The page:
Following is a guest post from Julie Nash, senior program director of Food and Forests

at Ceres.

The tide is finally starting to shift for climate action in the food sector. Key players, including Campbell Soup, J.M. Smucker, General Mills and Kraft Heinz have taken concrete steps to improve their emissions disclosures and targets in the past year.

Cooperation from the food sector is vital in the transition to a lower emissions economy, and these commitments signal a growing willingness by food companies to pivot from business as usual and begin making big changes to reduce climate risk.

Despite this, according to a preliminary analysis of companies tracked by Ceres’ Food Emissions 50, very few of them have taken the next step and disclosed comprehensive strategies and steps for how they will deliver on these commitments. This is where climate transition plans come in.

Climate transition plans translate a company’s global targets for emissions reductions to a concrete plan with specific, measurable and time-bound goals. They constitute a collection of evidence that a company is aligning relevant aspects of its business with its climate-related goals and emissions reduction targets. That makes them a crucial accountability mechanism for companies and their external stakeholders, ensuring that brands move forward to reduce emissions in line with what is needed to achieve the Paris Agreement goal of limiting global temperature rise to no more than 1.5 degrees Celsius.

Julie Nash

Permission granted by Ceres


There is no one-size-fits-all approach to creating a climate transition plan. Instead, it must be tailored to a company’s circumstances, and use specific strategies that address its sub-industry, place in the supply chain, corporate structure, operating regions, and other key factors. This can leave companies struggling to find a foothold to begin their transition.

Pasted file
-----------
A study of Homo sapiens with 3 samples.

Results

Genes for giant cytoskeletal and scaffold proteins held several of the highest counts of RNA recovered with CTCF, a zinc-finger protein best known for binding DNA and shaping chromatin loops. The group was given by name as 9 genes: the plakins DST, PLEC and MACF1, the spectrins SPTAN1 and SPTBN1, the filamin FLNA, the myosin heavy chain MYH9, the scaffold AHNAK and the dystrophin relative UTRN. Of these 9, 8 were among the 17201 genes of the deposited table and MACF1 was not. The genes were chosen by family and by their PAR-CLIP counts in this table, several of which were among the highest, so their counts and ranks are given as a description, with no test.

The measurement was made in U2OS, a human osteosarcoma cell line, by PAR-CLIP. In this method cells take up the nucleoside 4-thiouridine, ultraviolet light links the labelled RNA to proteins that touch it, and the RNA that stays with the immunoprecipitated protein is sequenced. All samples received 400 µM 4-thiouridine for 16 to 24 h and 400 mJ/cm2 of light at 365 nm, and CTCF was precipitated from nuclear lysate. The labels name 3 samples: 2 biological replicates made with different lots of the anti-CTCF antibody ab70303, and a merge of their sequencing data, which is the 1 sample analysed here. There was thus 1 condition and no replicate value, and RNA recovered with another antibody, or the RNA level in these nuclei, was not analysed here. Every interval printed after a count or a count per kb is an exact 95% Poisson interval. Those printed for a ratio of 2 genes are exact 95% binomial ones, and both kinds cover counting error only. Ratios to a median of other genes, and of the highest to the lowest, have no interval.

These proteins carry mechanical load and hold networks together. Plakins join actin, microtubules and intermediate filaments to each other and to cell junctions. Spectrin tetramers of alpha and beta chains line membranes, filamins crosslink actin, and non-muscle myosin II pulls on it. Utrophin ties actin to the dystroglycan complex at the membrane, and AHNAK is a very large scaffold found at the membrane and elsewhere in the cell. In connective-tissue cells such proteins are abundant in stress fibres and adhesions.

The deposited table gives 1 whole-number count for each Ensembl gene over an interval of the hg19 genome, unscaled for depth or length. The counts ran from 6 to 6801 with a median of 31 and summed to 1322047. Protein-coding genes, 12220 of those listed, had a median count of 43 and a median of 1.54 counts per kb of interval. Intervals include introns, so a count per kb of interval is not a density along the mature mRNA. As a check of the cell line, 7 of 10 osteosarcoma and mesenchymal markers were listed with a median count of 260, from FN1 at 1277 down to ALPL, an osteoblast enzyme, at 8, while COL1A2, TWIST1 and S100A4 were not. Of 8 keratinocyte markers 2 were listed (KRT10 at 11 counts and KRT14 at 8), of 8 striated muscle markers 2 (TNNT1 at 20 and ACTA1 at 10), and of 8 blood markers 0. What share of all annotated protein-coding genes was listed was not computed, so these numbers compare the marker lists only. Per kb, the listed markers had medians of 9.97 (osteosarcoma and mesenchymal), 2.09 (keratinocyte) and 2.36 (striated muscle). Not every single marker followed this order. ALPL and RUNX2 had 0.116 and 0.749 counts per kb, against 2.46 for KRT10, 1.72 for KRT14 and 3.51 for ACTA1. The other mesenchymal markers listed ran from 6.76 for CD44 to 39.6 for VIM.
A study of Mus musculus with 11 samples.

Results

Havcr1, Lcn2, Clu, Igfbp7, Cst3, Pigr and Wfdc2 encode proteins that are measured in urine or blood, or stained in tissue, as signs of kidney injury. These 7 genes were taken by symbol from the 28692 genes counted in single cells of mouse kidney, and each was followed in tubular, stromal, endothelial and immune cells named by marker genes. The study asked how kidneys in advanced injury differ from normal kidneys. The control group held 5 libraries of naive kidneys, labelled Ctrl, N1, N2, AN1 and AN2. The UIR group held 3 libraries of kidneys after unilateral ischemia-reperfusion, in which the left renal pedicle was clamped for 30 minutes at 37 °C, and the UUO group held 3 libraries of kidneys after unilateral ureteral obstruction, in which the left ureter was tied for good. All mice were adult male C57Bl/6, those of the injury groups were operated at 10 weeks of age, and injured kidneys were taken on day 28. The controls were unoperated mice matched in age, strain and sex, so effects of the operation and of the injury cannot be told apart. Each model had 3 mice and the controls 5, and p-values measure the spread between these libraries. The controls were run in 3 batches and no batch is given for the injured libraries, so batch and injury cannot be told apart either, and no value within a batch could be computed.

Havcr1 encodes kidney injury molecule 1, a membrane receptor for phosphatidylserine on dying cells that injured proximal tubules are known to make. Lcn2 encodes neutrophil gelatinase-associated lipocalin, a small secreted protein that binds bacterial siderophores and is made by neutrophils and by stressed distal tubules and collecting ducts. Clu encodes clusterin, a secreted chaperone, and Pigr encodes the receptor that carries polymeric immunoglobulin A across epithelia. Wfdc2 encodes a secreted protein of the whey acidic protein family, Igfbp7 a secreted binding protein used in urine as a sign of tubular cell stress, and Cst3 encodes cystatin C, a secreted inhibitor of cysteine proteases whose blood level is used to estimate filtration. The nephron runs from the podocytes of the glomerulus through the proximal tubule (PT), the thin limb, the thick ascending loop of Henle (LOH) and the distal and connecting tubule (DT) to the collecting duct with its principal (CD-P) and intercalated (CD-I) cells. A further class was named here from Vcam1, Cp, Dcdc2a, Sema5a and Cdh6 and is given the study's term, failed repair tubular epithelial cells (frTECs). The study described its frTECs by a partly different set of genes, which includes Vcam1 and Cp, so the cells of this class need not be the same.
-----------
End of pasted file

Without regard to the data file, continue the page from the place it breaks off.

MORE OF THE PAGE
The fine details

How can food companies get started? To be successful, climate transition plans should inform business decisions at every level of a company’s operations. In a new report, Ceres recommends strategies that address procurement, operations, and growth and innovation for food companies looking to operationalize their climate transition plan. Here are three key questions food companies can ask themselves to guide their transition to lower emissions:

1. Does the company assess its emissions from purchased goods and services to identify the largest categories and sources of emissions from its supply chain and engage with suppliers accordingly? 

For most companies in the food sector, their supply chains account for the bulk of their emissions. A common obstacle to reducing supply chain emissions is the ability to trace the source of the emissions. Companies need mechanisms that enable them to trace where commodities come from so that they can understand the full extent of their emissions and know where to direct strategies for reducing them, since they may differ between commodities and growing regions.

After assessing the source of supply chain emissions, companies should help their suppliers do the same. They should also provide financial incentives and technical assistance to help suppliers shift to practices and technologies that can address key drivers of emissions. To improve accountability to investors and other stakeholders, companies should disclose the percentage of their suppliers who have a reduction target or the percentage of their emissions covered by existing supplier targets.

2. Does the company have a plan to address energy-related emissions associated with its operations, transportation and waste?

As companies reduce emissions from purchased goods and services, much of the remainder will come from their direct operations, transportation and distribution, and waste management practices.

To address the energy used to process food — one of the key emission drivers in the food sector’s direct operations — companies should commit to sourcing 100% renewable energy through initiatives such as the RE100, a group of influential companies that are adopting 100% renewable energy. Companies should also increase overall energy efficiency by improving operational efficiency, optimizing energy consumption during non-production times, and recovering heat energy from production processes.